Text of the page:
Effective recycling industry vital to achieving circular economy – E-waste Fund

Nana Efua Ababio, the Chief Executive Officer of the National E-waste Fund, emphasized the importance of an effective and efficient recycling industry in Ghana’s transition towards a circular economy. Mrs. Ababio stated that there is a need to improve the capacity of recycling industries and create an enabling environment to deal with waste, particularly in the e-waste sector.

During a working visit to Electro Recycling Ghana, a recycling facility in Accra, she noted that the majority of materials commonly referred to as waste could be transformed into a range of different products.


A study has revealed that around 50 million tonnes of e-waste are being thrown away annually, and this figure is projected to double by 2050, according to the Platform for Accelerating the Circular Economy and the UN E-Waste Coalition report.

Mrs. Ababio emphasized that formalizing the e-waste sector would yield financial returns, provide employment, and protect the environment by making good use of e-waste to produce reusable items.

She stated that her organization would collaborate with all relevant stakeholders to build and enhance the capacity of recyclers to handle the generated e-waste. Mrs. Ababio commended Electro Recycling Ghana Foundation for its support of the circular economy and urged it to be innovative and create products from materials that are deemed waste.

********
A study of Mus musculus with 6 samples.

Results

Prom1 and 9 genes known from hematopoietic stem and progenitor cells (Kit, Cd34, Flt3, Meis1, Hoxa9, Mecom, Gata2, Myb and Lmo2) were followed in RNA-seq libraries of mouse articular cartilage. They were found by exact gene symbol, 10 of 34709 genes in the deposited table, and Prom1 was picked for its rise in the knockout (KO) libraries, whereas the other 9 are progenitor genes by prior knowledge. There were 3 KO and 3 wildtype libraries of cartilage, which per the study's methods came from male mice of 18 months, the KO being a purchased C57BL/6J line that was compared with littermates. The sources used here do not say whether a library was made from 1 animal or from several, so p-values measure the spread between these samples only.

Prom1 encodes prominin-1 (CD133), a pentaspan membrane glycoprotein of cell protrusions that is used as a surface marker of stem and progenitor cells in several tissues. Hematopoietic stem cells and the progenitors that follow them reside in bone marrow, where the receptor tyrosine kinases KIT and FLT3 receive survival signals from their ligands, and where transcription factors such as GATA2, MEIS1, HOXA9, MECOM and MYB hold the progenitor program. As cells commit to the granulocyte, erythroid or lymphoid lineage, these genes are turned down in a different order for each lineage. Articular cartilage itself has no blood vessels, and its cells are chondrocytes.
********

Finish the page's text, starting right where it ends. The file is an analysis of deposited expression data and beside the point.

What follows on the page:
Ms. Cornelia Stolzenberg, the Head of Programme at Gesellschaft für Internationale Zusammenarbeit (GIZ) E-Waste Programme, praised the Waste Control and Management Act and suggested that the challenge was to develop a better system for implementation.

Ms. Stolzenberg recommended a systematic approach in which the government would enforce the laws for implementation, the private sector would have technical knowledge and capacities for the disposal of hazardous fractions, and the government would support the private sector in terms of finances, permits, and land titles, as they require technical support.

Ms. Stolzenberg stated that they were working with the Environment Ministry and the Environmental Protection Agency (EPA) to coordinate e-waste recycling in Ghana.